Direct and inverse relationship formula for volume

Direct and Inverse Variation - My Math Forum Apr 17, This has the mathematical formula of y = kx, where k is a constant. When there is a direct or inverse relationship, x and y are proportional to. Apr 25, A direct proportion occurs when you have a direct relationship between one In this equation, you can also see that volume has an inverse. density = mass/volume volume = mass/density clearly volume and mass are directly proportional, as you see in the second equation. (just applied the simple .

This relationship between the two quantities is described as follows: Dividing both sides of Equation 6. The numerical value of the constant depends on the amount of gas used in the experiment and on the temperature at which the experiments are carried out. At constant temperature, the volume of a fixed amount of a gas is inversely proportional to its pressure. Boyle used non-SI units to measure the volume in. Hg rather than mmHg. Because PV is a constant, decreasing the pressure by a factor of two results in a twofold increase in volume and vice versa.

The Relationship between Temperature and Volume: Charles's Law Hot air rises, which is why hot-air balloons ascend through the atmosphere and why warm air collects near the ceiling and cooler air collects at ground level. Because of this behavior, heating registers are placed on or near the floor, and vents for air-conditioning are placed on or near the ceiling.

The fundamental reason for this behavior is that gases expand when they are heated. Because the same amount of substance now occupies a greater volume, hot air is less dense than cold air. The substance with the lower density—in this case hot air—rises through the substance with the higher density, the cooler air.

A sample of gas cannot really have a volume of zero because any sample of matter must have some volume. Note from part a in Figure 6. Similarly, as shown in part b in Figure 6. The Relationship between Volume and Temperature. The temperature scale is given in both degrees Celsius and kelvins.

A sense of proportion | Maths | Education in Chemistry

The significance of the invariant T intercept in plots of V versus T was recognized in by the British physicist William Thomson —later named Lord Kelvin. At constant pressure, the volume of a fixed amount of gas is directly proportional to its absolute temperature in kelvins. This relationship, illustrated in part b in Figure 6. We didn't even write it.

We could write y is equal to 1x, then k is 1. We could write y is equal to 2x. We could write y is equal to negative 2x. We are still varying directly.

We could have y is equal to pi times x. We could have y is equal to negative pi times x. I don't want to beat a dead horse now. I think you get the point. Any constant times x-- we are varying directly.

And to understand this maybe a little bit more tangibly, let's think about what happens. And let's pick one of these scenarios. Well, I'll take a positive version and a negative version, just because it might not be completely intuitive. So let's take the version of y is equal to 2x, and let's explore why we say they vary directly with each other. So let's pick a couple of values for x and see what the resulting y value would have to be. So if x is equal to 1, then y is 2 times 1, or is 2. If x is equal to 2, then y is 2 times 2, which is going to be equal to 4. So when we doubled x, when we went from 1 to so we doubled x-- the same thing happened to y. So that's what it means when something varies directly. If we scale x up by a certain amount, we're going to scale up y by the same amount.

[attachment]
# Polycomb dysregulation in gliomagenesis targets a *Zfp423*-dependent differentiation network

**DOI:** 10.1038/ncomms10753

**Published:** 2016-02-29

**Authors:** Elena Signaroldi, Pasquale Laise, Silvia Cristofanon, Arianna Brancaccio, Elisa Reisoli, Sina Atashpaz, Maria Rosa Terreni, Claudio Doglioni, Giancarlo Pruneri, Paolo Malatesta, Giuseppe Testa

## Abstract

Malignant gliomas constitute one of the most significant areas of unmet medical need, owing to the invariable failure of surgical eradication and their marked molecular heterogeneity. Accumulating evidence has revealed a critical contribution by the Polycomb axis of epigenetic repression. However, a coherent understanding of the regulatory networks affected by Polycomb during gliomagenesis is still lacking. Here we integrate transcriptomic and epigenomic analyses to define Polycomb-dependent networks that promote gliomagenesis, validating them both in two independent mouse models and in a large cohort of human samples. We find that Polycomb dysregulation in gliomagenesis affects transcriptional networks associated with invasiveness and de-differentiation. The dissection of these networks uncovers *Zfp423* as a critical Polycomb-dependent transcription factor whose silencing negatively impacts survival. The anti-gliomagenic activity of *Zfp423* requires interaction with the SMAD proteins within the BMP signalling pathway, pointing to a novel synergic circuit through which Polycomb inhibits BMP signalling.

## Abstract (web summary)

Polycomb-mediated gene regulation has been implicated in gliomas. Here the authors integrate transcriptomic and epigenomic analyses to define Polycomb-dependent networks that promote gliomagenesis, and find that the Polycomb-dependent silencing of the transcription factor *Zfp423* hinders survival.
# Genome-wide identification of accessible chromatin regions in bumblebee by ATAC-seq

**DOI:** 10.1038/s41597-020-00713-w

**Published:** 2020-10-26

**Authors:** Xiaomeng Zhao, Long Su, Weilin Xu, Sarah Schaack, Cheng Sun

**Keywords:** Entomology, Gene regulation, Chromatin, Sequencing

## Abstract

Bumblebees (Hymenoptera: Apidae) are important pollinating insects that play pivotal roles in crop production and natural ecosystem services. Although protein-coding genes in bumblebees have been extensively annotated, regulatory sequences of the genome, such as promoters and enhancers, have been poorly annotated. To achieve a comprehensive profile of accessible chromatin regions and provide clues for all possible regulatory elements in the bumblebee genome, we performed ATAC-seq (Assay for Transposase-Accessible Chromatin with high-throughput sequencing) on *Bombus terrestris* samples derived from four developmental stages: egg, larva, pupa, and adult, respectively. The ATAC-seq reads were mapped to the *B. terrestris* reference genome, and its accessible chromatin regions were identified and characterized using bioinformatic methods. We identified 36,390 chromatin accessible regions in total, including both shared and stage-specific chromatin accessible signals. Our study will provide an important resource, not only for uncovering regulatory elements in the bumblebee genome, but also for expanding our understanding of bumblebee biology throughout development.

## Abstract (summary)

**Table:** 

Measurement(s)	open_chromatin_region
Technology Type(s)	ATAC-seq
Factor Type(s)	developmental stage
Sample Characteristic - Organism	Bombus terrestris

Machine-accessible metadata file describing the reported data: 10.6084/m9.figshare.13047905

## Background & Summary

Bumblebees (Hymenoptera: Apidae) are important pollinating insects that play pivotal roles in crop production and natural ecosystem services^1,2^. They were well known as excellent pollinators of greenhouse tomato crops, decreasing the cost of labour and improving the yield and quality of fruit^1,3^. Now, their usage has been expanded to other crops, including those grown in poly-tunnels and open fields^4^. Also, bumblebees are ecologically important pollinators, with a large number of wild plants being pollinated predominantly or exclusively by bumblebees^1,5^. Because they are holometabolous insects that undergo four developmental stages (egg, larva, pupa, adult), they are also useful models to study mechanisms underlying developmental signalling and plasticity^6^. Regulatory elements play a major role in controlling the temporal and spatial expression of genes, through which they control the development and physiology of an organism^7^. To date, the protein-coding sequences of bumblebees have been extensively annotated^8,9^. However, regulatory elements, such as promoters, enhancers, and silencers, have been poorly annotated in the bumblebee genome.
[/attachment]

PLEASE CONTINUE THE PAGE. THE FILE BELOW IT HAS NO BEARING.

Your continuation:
If we scale down x by some amount, we would scale down y by the same amount. And just to show you it works with all of these, let's try the situation with y is equal to negative 2x. I'll do it in magenta. Let's try y is equal to negative 3x.

So once again, let me do my x and my y. When x is equal to 1, y is equal to negative 3 times 1, which is negative 3.

When x is equal to 2, so negative 3 times 2 is negative 6. So notice, we multiplied. So if we scaled-- let me do that in that same green color. If we scale up x by it's a different green color, but it serves the purpose-- we're also scaling up y by 2.

Ways to give question about direct and inverse proportion

To go from 1 to 2, you multiply it by 2. To go from negative 3 to negative 6, you're also multiplying by 2. So we grew by the same scaling factor. To go from negative 3 to negative 1, we also divide by 3. We also scale down by a factor of 3.

So whatever direction you scale x in, you're going to have the same scaling direction as y. That's what it means to vary directly. Now, it's not always so clear. Sometimes it will be obfuscated. So let's take this example right over here. And I'm saving this real estate for inverse variation in a second. You could write it like this, or you could algebraically manipulate it. Or maybe you divide both sides by x, and then you divide both sides by y. These three statements, these three equations, are all saying the same thing. So sometimes the direct variation isn't quite in your face. But if you do this, what I did right here with any of these, you will get the exact same result. Or you could just try to manipulate it back to this form over here. And there's other ways we could do it. We could divide both sides of this equation by negative 3. And now, this is kind of an interesting case here because here, this is x varies directly with y. Or we could say x is equal to some k times y. And in general, that's true.

If y varies directly with x, then we can also say that x varies directly with y. It's not going to be the same constant.